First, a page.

Anglo clerk to be sentenced for €200,000 account fraud

Gordon O'Brien: Set money aside as 'war chest'. Picture: Courtpix

A former Anglo Irish Bank employee will be sentenced next week for a €200,000 computer fraud at a Limerick branch of the bank three years ago.

Gordon O’Brien, aged 43, committed the fraud as Anglo was calling in its loan accounts during nationalisation of the bank. It was later noticed during an audit by Anglo’s successor, Irish Bank Resolution Corporation (IBRC).

O’Brien had set the money aside “as a war chest” as he was going to lose his job in the wind-up of the bank. Dublin Circuit Criminal Court heard his wife was going to lose her job with another bank and his son had just been diagnosed with autism and faced having his education grant cut.

Counsel described him as “a decent man who had made a catastrophic mistake”.

The former clerk committed the fraud by transferring clients’ money into several bank accounts he controlled. He then took money from internal Anglo accounts and put it into clients’ accounts to make them seem in order.

O’Brien, of Springfield, Dooradoyle, Co Limerick, pleaded guilty at Dublin Circuit Criminal Court to six counts of dishonestly using a computer with the intention of making gain or causing loss at Anglo Irish Bank, Henry St, Limerick. The offences occurred between September 2010 and June 2011. O’Brien made full admissions when confronted by bank officials and all the money was returned.

He faces a maximum sentence of 10 years in prison. Judge Patricia Ryan remanded him on continuing bail until July 25.

Detective Garda Stephen Niland of the Garda Bureau of Fraud Investigation told Paul Carroll, prosecuting, there was a lengthy delay in IBRC making a complaint to gardaí due to what was going on in the bank at the time.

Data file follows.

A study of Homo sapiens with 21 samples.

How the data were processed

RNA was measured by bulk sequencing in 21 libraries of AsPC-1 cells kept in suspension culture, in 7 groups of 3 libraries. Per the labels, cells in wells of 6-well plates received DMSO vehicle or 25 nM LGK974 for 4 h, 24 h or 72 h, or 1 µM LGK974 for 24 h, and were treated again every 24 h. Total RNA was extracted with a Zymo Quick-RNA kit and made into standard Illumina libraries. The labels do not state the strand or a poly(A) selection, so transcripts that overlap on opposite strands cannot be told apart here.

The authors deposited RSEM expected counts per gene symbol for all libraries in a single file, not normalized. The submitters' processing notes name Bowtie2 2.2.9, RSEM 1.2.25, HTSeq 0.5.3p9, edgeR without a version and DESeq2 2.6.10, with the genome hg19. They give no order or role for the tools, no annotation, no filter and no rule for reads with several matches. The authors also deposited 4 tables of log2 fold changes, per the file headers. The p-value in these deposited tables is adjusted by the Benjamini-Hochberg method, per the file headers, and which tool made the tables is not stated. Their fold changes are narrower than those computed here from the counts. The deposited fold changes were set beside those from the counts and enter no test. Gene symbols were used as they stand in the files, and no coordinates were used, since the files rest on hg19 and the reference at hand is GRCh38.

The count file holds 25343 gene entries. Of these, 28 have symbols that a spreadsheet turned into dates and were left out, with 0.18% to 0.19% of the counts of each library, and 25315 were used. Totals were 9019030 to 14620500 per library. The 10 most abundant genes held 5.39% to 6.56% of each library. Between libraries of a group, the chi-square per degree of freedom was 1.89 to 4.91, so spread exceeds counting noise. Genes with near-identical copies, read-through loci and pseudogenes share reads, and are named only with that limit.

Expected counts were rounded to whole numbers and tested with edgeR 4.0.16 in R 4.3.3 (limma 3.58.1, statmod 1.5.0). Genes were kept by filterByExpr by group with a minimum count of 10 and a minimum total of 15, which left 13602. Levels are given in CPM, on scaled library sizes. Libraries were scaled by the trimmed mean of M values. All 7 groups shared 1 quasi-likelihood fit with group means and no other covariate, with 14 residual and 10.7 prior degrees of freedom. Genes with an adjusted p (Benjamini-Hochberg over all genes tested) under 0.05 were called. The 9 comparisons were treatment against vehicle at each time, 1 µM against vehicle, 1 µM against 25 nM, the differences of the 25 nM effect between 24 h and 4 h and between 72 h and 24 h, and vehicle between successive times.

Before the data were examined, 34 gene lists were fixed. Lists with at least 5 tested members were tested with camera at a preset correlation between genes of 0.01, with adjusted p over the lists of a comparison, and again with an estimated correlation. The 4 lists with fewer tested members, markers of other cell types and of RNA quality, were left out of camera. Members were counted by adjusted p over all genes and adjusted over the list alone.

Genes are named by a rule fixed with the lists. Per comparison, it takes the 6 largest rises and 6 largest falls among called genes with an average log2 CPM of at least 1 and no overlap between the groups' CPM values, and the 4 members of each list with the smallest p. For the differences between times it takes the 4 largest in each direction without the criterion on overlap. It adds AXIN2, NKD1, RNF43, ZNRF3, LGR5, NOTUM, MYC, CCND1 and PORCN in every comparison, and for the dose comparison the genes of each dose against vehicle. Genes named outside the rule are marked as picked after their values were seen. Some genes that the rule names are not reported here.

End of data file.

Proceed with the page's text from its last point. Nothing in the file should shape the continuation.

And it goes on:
O’Brien’s fraud revolved around Anglo’s operations in Limerick which involved loaning money to clients for the leasing of equipment, usually tractors and plant machinery. In 2009, Anglo was in the process of calling in these loans. Customers were settling their accounts using cheques and cash lodgements.

O’Brien used a computer to transfer money from these accounts into seven accounts he controlled in various financial institutions. Two accounts belonged to his sister and cousin. He told them he needed to use their accounts for share dealing. He would then transfer money from internal Anglo “suspense accounts” into the client accounts to make them appear normal. Gardaí estimated about 30 client accounts were affected.

The fraud was noticed by IBRC auditors and O’Brien admitted everything in August 2011. He also told staff he had hidden nearly €30,000 in stolen cash in a safe deposit box in the bank.

Dean Kelly, defending, said O’Brien and his wife were going to lose their jobs because of the banking crisis and wanted to put money aside. They also needed money for their autistic son’s education because their government grant was also going to be cut off.

“He sought to amass a war chest, wrongly, but for the right reasons,” Mr Kelly said, adding that O’Brien lived an ordinary life without “expensive golf trips, clothes, and cars”.